As the USS Wasp undergoes maintenance and modernization in Virginia, supplies are shipping from myriad mission partners to ensure the vessel returns to the Fleet, operationally ready. However, most parts on a ship, especially a ship as sophisticated as the USS Wasp, aren’t at the local hardware or auto parts store. In some cases, mission partners’ facilities are on the other side of the planet.
Capt. Mark Garrigus, supply officer, Norfolk Naval Shipyard, understood the gravity of the situation and the cascading effects of a single delay in ship maintenance. When Garrigus was told the metal plates for the USS Wasp may be delayed in Europe, he knew exactly who to call: NAVSUP WSS Transportation and Distribution.
“Getting ships through maintenance on time is crucial,” said Garrigus. “For every delay, even small ones, the cascading effects may be realized across the Fleet financially and also further delays in other maintenance and repair schedules.” After exhausting options through normal shipping channels, Garrigus knew the shipping and transportation experts at NAVSUP WSS T&D could make this happen.
NAVSUP WSS Transportation and Distribution provides transportation and related financial management for the efficient, safe and most cost effective movement of passengers, mail and cargo, while maintaining expertise regarding transportation and distribution analysis, forward positioning recommendations and strategic mobility support.
On Jan. 27, Garrigus reached out to NAVSUP WSS T&D, with a heavy metal conundrum. Metal plates that will later be transformed for condenser and inlet tube repairs while the vessel is in dry-dock, were sitting in Europe and potentially delayed, negatively impacting planned maintenance timelines on the USS Wasp. The metal plates weigh more than two tons each, are awkwardly shaped and needed to be transported in a specific configuration to ensure the cargo’s integrity when it arrived in the United States. In other words, it’s not something commercial delivery services would be picking up on the front steps of an office. After speaking with Garrigus, logistics experts at NAVSUP WSS T&D sprang into action.
Pam Young, operations department head, Transportation Operations, NAVSUP WSS T&D, said she knew the timeline was going to be tight, but had no doubt that they could get it done. “I love calls like this,” said Young. “This really allows our teams to excel,” she said. “Ninety nine percent of the time, you never hear about the work we do, because we keep things running smoothly behind the scenes. It’s that one time when things go awry, you’ll hear about. Not this time. Not on our watch!”
The complications surrounding this shipment included speaking with multiple shipping companies to determine the best course of action to ensure on-time delivery. Jacquelyn Jackson, Navy freight management team lead, NAVSUP WSS T&D Operations, contacted numerous carriers for rate quotes and make certain they could meet the required delivery date and manage the unusually awkward and heavy parcel. At the end of the day, FedEx was the best carrier to meet the challenge.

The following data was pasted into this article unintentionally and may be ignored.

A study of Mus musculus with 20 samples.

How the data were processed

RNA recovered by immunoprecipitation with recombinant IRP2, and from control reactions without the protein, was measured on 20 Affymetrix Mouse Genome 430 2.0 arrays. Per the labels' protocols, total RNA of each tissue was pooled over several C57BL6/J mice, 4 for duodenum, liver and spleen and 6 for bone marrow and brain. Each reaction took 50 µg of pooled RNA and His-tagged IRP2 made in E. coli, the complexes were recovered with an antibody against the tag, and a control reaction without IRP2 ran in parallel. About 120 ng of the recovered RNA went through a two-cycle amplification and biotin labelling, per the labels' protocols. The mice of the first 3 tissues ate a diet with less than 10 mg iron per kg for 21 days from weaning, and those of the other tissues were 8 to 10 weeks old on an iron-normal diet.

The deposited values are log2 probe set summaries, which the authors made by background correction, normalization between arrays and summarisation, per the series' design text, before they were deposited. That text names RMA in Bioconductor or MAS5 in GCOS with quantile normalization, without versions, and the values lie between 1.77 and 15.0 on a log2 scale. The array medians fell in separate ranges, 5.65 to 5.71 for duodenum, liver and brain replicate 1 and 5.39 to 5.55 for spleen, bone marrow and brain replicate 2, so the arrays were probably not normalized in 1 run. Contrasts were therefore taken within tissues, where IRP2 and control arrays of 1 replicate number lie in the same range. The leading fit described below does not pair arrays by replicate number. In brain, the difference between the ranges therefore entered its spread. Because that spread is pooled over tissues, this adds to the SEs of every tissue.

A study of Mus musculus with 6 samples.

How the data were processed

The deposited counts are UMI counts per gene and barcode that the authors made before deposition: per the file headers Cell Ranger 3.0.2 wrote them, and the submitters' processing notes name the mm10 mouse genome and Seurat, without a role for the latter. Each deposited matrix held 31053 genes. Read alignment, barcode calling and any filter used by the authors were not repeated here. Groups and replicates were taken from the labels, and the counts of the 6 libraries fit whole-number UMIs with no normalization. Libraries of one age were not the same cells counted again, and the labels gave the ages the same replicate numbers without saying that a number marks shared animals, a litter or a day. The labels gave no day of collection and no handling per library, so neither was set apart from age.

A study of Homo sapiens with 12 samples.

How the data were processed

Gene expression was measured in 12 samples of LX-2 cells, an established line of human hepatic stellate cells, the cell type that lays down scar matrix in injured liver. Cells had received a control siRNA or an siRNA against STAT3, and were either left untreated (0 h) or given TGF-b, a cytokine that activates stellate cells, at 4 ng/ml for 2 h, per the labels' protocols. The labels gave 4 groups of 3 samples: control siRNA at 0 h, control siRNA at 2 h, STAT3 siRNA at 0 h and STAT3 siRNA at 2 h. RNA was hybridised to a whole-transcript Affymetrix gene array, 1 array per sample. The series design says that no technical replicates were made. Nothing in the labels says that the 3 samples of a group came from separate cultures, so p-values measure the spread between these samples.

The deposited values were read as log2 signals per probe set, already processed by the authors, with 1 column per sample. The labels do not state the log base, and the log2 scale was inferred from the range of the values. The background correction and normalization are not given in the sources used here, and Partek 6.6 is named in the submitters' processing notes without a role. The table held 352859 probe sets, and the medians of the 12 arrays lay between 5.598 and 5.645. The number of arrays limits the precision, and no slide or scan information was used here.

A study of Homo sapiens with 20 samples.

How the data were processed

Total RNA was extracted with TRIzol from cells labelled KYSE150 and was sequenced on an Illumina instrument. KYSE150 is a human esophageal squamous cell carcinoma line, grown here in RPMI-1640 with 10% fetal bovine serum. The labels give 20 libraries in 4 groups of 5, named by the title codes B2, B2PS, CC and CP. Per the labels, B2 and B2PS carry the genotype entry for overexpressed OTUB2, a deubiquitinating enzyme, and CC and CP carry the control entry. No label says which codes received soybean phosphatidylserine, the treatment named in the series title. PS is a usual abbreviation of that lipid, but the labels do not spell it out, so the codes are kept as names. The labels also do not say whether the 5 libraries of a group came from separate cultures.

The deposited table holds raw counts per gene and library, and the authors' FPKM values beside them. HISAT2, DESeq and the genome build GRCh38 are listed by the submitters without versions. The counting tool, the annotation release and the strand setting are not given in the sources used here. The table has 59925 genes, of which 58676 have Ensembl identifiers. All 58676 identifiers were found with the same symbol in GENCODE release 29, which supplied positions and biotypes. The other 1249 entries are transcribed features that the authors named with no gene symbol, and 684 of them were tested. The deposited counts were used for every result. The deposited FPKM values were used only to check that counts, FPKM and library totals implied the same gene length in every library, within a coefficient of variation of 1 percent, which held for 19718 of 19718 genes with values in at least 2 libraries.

Once a shipper was determined, it was time to put all the pieces of the puzzle in place. For that, Young reached out to Matt Keifer, Worldwide Accounts Manager at FedEx.
“I knew Matt was a rock star, and could help us get this across the finish line,” said Young. According to Young, Keifer coordinated with key players across multiple time zones, countries, mission partners, governmental organizations, commercial shippers, and customs agents.
Keifer ensured a specialized truck was on site Feb. 3, to load, secure and begin the 10-hour trek from Toulon to Charles De Gaulle International Airport in Paris. Simultaneously, Keifer was working with customs and exports agents. According to Keifer, there were legitimate concerns, COVID-19 restrictions could cause a delay and lead to additional costs. With Keifer’s constant communication and stewardship, the plates left France on schedule without further delay.
Once the shipment was on the ground at the FedEx Hub in Memphis, Tenn., Keifer was a step ahead. He already made arrangements for the final legs of the shipment to Norfolk and Portsmouth. Additionally, Keifer was in constant contact with the NAVSUP WSS T&D leadership team, as well as the shipyard, providing regular updates on the status and location of the inbound shipment as it made its way to Virginia—a day ahead of schedule.
“Naval logistics is complex work that requires constant insight and oversight,” said Rear Adm. Peter Stamatopoulos, Commander, NAVSUP. “The number of avenues available for delivery of critical parts is limited only by the resourcefulness of the Navy’s Supply Corps officers, enlisted personnel and civilian subject matter experts. This is another example of our men and women going that last tactical mile to ensure combat capability for our Fleet.”
NAVSUP WSS is one of 11 commands under Commander, NAVSUP. Headquartered in Mechanicsburg, Pennsylvania, and employing a diverse, worldwide workforce of more than 22,500 military and civilian personnel, NAVSUP's mission is to provide supplies, services, and quality-of-life support to the Navy and joint warfighter. Learn more at www.navsup.navy.mil, www.facebook.com/navsupwss and https://twitter.com/navsupsyscom.